Music writer Kieran Read reviews the long-fabled return of pop enigma Jai Paul
The legend of Jai Paul is one that exceeds even himself. For some time, he seemed forever destined to be known as the genius recluse with only two officially released demos and an unofficial leaked studio debut. He was the man with a sound so insular and otherworldly that fellow artists bend over backwards to compliment him, sampled by some of the biggest names in music (Drake, Beyoncé). Over a mostly silent twelve-year span, Paul has haunted popular culture’s consciousness with his brand of wonky, corroded synths, erratic, off kilter bass and chilling, sultry voice without breaking a sweat. Who is he? How does he make these songs? And, most importantly, where is he? These questions would hang for what seemed like an eternity. Really, if Paul never released another note of music, it may have remained the perfect musical fairy tale.
He would, however, make more music, as well as officially releasing the astounding collection of leaked demos that weighed down on him for half a decade under the title Bait Ones. Even more surprising than Paul’s sudden re-emergence was the sound that the two brand new cuts, ‘Do You Love Her Now’ and ‘He,’ adopted. With such minimal output, it is almost hard to believe that any evolution could have occurred, yet Paul’s musicianship certainly steps into new territory here. Instead, the tracks feel far more realised; no misshapen Harry Potter samples, gut-punch bursts of silence or mixes so heady that it feels as if the song is engulfing itself. Instead, Paul’s signature smooth guitar licks and seismic bass are massaged out into two robust, slow-burn grooves. Worked on at the same time as Bait Ones (2013), it’s hard to choose whether to equate this new sound to either six years of tinkering or actual stylistic change; would all of Paul’s songs sound this mature had they not been leaked? Who’s to tell?
‘Do You Love Her Now’ is perhaps the loosest, most unhurried song of Jai’s to date. Chunky bass and drunk, Dilla drums lazily thump away in the background as synths and guitars gently float in and out, Paul’s unmistakable falsetto resting lightly atop this. As widely noted, his affinity for Prince takes full manifestation here, seen in everything from the cinematic, instrumental introduction to the ever-shifting vocal melodies. It’s also a hazy, lovelorn take on something that the Bee Gees would make in their heyday, and it’s absolutely fantastic because of this. Paul Institute signee Fabiana Palladino materialises within this smoked-out daydream as if she were a mirage, her fleeting appearance another perfectly deployed texture within Paul’s sonic arsenal. What, at first, translates as Jai swept up in an impenetrably slackened drift instead reveals itself as a work of nuance and precision upon repeat listens, so very sweet and laid back that it’s hard to deny.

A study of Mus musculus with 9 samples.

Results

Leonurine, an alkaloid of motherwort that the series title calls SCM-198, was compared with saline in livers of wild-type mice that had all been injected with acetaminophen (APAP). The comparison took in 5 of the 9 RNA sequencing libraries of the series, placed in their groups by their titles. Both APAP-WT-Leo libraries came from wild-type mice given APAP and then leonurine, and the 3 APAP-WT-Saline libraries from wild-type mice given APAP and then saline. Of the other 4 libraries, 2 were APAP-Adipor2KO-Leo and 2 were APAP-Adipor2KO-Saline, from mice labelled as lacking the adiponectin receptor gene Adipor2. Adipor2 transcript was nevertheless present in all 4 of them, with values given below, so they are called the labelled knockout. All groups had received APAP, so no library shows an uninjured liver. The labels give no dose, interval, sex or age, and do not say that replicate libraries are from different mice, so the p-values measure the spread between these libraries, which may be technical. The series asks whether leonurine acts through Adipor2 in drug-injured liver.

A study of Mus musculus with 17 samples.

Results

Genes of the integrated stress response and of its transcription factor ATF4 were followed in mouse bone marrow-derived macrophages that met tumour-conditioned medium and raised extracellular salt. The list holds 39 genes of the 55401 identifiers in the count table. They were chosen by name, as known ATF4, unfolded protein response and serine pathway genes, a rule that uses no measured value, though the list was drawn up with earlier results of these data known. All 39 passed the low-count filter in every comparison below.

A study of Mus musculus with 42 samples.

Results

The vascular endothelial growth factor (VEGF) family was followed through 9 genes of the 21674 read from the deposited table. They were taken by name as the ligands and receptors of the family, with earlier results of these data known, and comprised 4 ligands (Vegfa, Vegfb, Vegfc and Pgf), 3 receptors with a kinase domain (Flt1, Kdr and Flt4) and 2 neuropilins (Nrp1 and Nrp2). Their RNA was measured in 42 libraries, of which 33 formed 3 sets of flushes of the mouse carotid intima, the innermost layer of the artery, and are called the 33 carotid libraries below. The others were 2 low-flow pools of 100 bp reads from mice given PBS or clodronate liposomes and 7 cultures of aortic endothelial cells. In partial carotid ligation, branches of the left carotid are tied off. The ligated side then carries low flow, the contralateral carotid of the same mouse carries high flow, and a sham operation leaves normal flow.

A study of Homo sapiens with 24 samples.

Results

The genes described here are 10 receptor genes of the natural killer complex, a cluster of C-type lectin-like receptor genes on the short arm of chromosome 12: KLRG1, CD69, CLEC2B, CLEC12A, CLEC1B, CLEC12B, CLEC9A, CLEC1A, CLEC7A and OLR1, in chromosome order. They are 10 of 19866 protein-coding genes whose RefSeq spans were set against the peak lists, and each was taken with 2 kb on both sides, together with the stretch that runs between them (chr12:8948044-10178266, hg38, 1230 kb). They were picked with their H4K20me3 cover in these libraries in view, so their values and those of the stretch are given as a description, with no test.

On the literal flipside, ‘He’ may be the greatest thing Paul has ever put to tape. An exercise in tensile strength, the track is an elastic cord constantly pulling between the dancefloor and the bedroom showcasing a mastery of tone and structuring far advanced from anything on Bait Ones. Foreboding, rolling guitars and Jackson-esque ‘He’ sets the stage for some kind of panoramic contemplation on reciprocation, before a monolithic 80s dance synth that both Billy Ocean and Wham! would be proud of crashes into the mix after a minute and a half. Like a tsunami, this new groove wipes out everything in its path, though Paul fights against it. As the song plays out, he slowly wriggles himself free from this dance-floor hypnosis, gentle ambient synths now washing lightly over him.
‘Let me shake this up;’ as the wheels of ‘He’ slow to a calming stop, Paul re-emerges and bends the track at his whim once more. Yet another titanic groove destabilises the entire affair, though now the compulsions to curl up and to gyrate have become one, all elements aligned perfectly. Ever the enigma, Paul’s yearning, stunning chorus of voice hangs quietly in the background, the irresistibly catchy lines restlessly changing from line to line as if to offer the listener nothing to hang on to. The track fades to nothing and Paul, once again, retreats to the darkness. Who knows when, or if, he will return. For many, it may be upsetting that neither ‘Do You Love Her Now’ or ‘He’ resemble the compelling rawness of Bait Ones, but to know that Jai Paul is undergoing metamorphosis away from the public-eye not only keeps the burning legend alive but makes it all the more vital. For now, we pray that there is even more waiting, and that pop’s ghost in the machine stays with us a little longer.
‘Do You Love Her Now / He’ and ‘Leak 04-13 (Bait Ones)’ are available now via XL Recordings.